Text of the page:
When I do veggies, I usually tend to roast them, as I feel it brings out their flavors better, and honestly, I usually don’t like them raw. Broccoli is one of those veggies that tastes amazing when you cook it just right, and I think I may have found a new favorite recipe using it, especially when it’ll inevitably show up at the farmer’s market in abundance (and cheap as shit because there’s a glut and people don’t typically buy it). 

You’ve probably noticed that I’ve got a lot of recipes with lemon juice showing up lately. I actually kind of have a small trick for that. I don’t own a juicer (and kind of think it’s a waste of time), but what I do have is a local grocery store that does fresh squeezed juices, and expands their typical orange juices to include lemon (and occasionally lime) in the summer. It’s cheap (usually $1 for 8 oz of juice), way less effort than juicing a ton of lemons yourself, and the fresh squeezed makes it taste even more delicious. 

Crispy Broccoli with Lemon and Garlic
Lasts 3 meals as a side

Ingredients

  • 1 lb fresh broccoli
  • 3 T olive oil, divided
  • red pepper flakes
  • sea salt
  • finely grated lemon zest (from at least half a lemon)
  • 2 large garlic cloves, minced
  • fresh squeezed lemon juice to finish

Preheat your oven to 425. Take a baking sheet, lay down some foil on it, and take half of your olive oil, and drizzle it on the foil, brushing it into the foil so that it’s evenly coated (see picture 3).

Take your broccoli, and slice through the stems as close as you can get to the bottom of the floret crown. The florets will naturally break into several large chunks, and you can break these down a little bit further to get a more manageable size like the first picture that you see above. Deb recommends peeling and cutting up the remaining stems, but I honestly wasn’t feeling in the mood to do that, so I skipped it. It is an option, though.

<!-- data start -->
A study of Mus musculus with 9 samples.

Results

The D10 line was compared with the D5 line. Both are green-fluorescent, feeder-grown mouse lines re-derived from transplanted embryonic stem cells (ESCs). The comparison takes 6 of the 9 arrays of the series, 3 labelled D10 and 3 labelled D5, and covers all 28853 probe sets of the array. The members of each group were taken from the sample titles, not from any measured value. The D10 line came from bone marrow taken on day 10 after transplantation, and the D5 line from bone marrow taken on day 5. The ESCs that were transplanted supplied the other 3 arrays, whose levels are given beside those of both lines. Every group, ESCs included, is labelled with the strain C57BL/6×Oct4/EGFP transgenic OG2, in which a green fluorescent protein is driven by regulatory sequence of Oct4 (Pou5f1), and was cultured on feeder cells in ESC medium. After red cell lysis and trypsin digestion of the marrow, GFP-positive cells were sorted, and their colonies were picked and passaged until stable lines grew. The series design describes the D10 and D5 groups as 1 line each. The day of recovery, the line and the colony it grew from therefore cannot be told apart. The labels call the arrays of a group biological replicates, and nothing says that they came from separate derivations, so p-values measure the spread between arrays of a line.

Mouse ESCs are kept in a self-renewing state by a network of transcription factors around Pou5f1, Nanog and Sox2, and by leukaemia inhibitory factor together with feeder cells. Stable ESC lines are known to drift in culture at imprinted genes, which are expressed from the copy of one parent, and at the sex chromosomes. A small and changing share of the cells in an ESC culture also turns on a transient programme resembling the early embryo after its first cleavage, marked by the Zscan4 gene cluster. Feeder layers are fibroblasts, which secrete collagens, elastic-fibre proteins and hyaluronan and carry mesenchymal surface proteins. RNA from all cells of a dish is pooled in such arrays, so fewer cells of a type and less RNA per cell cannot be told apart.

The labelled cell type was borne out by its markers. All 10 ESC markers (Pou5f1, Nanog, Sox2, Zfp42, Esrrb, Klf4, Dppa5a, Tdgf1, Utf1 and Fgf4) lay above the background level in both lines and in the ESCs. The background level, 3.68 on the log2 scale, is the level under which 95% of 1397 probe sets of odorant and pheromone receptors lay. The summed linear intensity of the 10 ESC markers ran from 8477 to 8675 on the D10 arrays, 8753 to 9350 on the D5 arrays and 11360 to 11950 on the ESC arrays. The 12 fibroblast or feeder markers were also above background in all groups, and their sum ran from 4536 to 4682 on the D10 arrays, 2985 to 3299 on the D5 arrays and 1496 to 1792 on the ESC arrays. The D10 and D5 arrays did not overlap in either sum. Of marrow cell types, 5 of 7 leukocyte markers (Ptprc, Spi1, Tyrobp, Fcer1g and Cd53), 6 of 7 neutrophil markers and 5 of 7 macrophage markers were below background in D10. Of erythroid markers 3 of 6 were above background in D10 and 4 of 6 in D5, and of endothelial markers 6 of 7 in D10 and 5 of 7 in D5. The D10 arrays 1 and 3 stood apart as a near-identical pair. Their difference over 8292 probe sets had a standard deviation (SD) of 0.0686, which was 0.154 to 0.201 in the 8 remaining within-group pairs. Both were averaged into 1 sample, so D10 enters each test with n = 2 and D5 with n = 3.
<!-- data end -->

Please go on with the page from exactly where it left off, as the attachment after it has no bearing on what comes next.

Mix together your remaining olive oil, red pepper flakes to taste, a bit of sea salt, your minced garlic, and lemon zest, and then toss with the florets to coat.  Spread the broccoli in a single layer in your prepared sheet, and then put it in the oven. Roast for twenty minutes, and then flip and move around the pieces with a spatula. Picture five is what your broccoli will look like after those first twenty minutes or so. I roasted mine for another ten minutes to get a good char on it, but not, say, burnt (see pic six). General rule is after that first twenty minutes check it every five minutes or so to see where it’s at. 

Before taking it out of the oven, take one of the smaller florets and taste it to be sure it’s to your liking. If it is, take it out of the oven, and then sprinkle with fresh lemon juice to your personal taste, and then enjoy the ridiculously good broccoli. (Or follow one of Deb’s riff suggestions; some of those sound real good.)